Rev. Alonzo Cox ’05C

Fr. Alonso Cox reading from bible at mass

St. John’s Alumnus Administers to Diverse Brooklyn, NY, Parish

Rev. Alonzo Cox ’05C recalls St. John’s University as a place where his vocation to the priesthood was intensified and his life’s path was cemented. “I did so much discernment at St. John’s,” Fr. Cox said recently. “I had a great experience. It gave me the opportunity to immerse myself in the full college experience. I met people there who I stay in touch with to this day. I had the best of both worlds.”

Today, Fr. Cox is Pastor of St. Martin dePorres Parish in Bedford-Stuyvesant, Brooklyn. Created by the Diocese of Brooklyn in 2007, the merged parish consists of three area churches: Our Lady of Victory, St. Peter Claver, and Holy Rosary.

Fr. Cox grew up in a very Catholic family, attended Mass and religious education classes every Sunday, and recalled that Pope John Paul II’s 1995 visit to New York, which occurred shortly before his Confirmation, made a profound impression on him. “I remember the Holy Father said, ‘Be not afraid,’ and consider what God might be calling you to be. I felt a stirring in my heart that maybe a vocation to the priesthood was there.”

After consulting with his parish priest, Fr. Cox began working as a sacristan and receptionist at his local church, Queen of All Saints, Brooklyn, and noted the positive influence of several priests who modeled for him a life devoted to Christ. He decided to join the priesthood and entered the minor seminary at Cathedral Seminary House of Formation in Douglaston, NY while attending St. John’s for undergraduate studies. Following his time at St. John’s, Fr. Cox attended the Seminary of the Immaculate Conception in Huntington, NY, and was ordained a priest for the Diocese of Brooklyn in 2010.

Fr. Cox said that young people may be encouraged to pursue a vocation to the religious life by spending time before the Blessed Sacrament. “I think we’re beginning to see the start of a surge in vocations, and it starts with Eucharistic adoration. It’s a place where we can allow Jesus to speak to us heart to heart.”

One of the most profound experiences of Fr. Cox’s time at St. John’s, he recalled, was the construction of St. Thomas More Church. “I was a freshman when ground was broken for the church and watched the progress intently throughout the next couple of years. It was an amazing thing to see.”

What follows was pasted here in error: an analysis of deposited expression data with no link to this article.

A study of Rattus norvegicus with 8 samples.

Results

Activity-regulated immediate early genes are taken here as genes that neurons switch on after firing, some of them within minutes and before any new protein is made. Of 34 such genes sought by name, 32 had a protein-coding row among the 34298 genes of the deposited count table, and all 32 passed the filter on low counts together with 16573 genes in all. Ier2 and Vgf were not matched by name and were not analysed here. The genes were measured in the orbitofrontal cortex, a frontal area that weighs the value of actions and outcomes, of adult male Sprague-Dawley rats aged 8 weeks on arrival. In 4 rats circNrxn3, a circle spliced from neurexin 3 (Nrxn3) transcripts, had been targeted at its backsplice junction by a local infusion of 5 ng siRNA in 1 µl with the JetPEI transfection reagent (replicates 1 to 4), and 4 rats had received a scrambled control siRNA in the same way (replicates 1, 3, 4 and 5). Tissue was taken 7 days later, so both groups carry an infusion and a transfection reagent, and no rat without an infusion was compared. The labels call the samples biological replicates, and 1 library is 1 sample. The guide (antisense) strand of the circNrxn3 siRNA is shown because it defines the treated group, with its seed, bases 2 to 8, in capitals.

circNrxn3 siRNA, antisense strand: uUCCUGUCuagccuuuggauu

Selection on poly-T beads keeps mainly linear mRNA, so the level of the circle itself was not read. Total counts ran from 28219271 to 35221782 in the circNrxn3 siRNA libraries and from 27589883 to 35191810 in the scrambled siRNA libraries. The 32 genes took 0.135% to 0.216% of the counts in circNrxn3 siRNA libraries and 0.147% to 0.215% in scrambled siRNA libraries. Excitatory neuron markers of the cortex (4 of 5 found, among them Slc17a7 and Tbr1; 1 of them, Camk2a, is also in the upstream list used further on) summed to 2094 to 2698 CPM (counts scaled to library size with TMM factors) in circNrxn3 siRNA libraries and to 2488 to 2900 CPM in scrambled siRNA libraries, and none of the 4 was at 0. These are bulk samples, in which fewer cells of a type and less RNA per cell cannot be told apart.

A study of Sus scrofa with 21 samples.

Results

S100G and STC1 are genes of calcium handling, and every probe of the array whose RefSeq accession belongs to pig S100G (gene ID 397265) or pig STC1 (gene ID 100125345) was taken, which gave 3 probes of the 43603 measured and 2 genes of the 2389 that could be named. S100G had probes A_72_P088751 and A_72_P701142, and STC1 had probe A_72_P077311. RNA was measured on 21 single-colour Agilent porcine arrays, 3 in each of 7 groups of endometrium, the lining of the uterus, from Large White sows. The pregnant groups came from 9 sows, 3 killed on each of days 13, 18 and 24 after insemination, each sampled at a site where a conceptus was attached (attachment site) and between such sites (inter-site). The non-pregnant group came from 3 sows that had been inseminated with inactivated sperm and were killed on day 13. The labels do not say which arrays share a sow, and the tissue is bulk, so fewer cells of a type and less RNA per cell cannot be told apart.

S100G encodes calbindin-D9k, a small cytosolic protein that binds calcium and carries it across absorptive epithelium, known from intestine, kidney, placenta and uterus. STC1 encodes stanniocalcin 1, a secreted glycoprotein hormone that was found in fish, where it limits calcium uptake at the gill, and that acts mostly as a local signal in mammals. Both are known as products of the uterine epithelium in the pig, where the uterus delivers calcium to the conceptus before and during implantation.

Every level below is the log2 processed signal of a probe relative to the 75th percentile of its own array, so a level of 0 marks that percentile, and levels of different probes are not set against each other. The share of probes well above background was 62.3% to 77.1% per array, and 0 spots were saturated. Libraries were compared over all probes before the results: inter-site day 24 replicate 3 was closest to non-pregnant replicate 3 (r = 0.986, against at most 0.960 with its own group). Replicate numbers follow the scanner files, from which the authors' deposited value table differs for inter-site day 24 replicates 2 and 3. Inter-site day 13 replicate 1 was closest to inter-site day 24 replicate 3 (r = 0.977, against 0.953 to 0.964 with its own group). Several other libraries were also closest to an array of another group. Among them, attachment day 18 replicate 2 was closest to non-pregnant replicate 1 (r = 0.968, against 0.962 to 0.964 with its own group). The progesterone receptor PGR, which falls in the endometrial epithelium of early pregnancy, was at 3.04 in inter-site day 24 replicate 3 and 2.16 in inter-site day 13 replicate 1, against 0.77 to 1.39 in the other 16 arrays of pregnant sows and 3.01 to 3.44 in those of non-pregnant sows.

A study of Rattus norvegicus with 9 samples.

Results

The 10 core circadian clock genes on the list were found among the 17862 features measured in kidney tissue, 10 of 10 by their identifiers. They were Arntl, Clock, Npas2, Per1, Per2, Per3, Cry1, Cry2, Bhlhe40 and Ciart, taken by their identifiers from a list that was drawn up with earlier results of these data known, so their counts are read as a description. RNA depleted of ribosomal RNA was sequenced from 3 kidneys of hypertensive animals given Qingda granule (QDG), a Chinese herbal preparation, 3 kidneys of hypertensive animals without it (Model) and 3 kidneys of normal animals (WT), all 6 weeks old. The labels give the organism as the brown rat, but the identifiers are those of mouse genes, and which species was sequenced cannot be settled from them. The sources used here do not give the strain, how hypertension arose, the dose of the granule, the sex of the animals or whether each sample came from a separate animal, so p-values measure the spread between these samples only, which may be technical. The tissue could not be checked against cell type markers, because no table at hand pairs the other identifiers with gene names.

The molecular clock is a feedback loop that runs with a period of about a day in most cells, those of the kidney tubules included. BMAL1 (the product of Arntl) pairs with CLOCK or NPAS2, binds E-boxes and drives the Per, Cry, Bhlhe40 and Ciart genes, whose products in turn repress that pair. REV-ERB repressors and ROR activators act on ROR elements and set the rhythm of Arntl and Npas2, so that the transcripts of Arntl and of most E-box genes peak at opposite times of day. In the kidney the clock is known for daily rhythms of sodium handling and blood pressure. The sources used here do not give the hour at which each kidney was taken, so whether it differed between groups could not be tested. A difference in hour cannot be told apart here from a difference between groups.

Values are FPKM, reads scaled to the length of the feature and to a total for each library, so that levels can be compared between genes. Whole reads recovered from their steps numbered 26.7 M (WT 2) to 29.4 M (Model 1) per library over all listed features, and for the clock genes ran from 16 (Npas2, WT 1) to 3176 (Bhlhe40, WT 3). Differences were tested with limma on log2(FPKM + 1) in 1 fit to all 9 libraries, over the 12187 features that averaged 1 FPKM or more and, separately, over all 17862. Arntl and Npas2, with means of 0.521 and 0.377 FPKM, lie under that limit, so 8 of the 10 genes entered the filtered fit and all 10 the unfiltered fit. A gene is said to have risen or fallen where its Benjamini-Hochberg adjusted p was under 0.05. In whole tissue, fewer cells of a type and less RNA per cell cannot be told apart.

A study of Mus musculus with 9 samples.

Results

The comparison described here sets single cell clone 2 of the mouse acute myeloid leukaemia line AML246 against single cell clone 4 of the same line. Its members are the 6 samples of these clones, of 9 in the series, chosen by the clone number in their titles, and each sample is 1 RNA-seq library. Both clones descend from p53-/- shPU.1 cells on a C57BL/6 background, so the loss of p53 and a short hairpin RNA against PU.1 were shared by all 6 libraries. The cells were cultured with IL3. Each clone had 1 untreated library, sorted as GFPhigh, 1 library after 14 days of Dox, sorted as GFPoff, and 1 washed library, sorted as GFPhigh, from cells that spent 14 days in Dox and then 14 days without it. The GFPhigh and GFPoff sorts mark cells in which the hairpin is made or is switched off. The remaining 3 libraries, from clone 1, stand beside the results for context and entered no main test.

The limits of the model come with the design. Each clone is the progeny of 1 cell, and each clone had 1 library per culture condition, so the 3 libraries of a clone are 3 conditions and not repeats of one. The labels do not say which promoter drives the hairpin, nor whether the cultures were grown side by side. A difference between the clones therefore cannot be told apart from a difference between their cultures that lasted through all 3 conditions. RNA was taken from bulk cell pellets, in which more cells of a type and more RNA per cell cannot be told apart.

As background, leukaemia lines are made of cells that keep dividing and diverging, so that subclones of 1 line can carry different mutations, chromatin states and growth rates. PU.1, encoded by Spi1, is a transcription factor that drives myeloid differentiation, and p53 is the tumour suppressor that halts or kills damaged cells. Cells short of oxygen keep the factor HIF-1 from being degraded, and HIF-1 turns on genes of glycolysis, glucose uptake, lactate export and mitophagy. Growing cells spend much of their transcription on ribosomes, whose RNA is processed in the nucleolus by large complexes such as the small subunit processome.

St. Thomas More was dedicated in 2004, Fr. Cox’s junior year. “There was a whole new feeling on campus now that we had a freestanding church instead of a chapel. When St. Thomas More opened, I saw more students going in for Mass or just to pray and sit with God—and I was one of them. Any free time I had, I would go there just to pray.” A Philosophy major, Fr. Cox remembers several faculty members as being “faith filled” and encouraging of his vocation.

During his time at Immaculate Conception, Fr. Cox spent two summers in Mexico and the Dominican Republic, where he learned Spanish. Upon ordination, he was assigned to St. Clare Parish in Rosedale, NY.

“They were very excited to have a young, 27-year-old priest,” Fr. Cox observed. “I was showered with so many graces there. They had a thriving school with approximately 300 kids. It was a predominantly African American and West Indian parish—and an amazing community in which to minister.”

Fr. Alonso Cox raising his hands during church services

Appointed Pastor of St. Martin’s in 2014, Fr. Cox was the youngest pastor in the Diocese of Brooklyn at that time. “This is a unique parish. It’s a merged entity comprising three communities. There’s a large African American, Caribbean, and West African community with a sizable influx of hipsters.”

One of his biggest challenges upon assuming his new role, Fr. Cox noted, was bringing the two communities together and ministering effectively to both. “I think we’ve done a great job here. Our young people are looking for a place to belong, and I think our older parishioners see their role as a passing of the baton to our newer members.” He added, “As a priest, it’s great for me to look out and see Black faces, white faces, Asian faces, and Hispanic faces.”

There has been a great deal of cultural sharing and community building, Fr. Cox emphasized. “We’ve done amazing things,” he said, noting that administration of three churches can be hectic and stressful, “but it’s what we’re doing to build up the kingdom of God. We’re doing great things in Bed-Stuy.”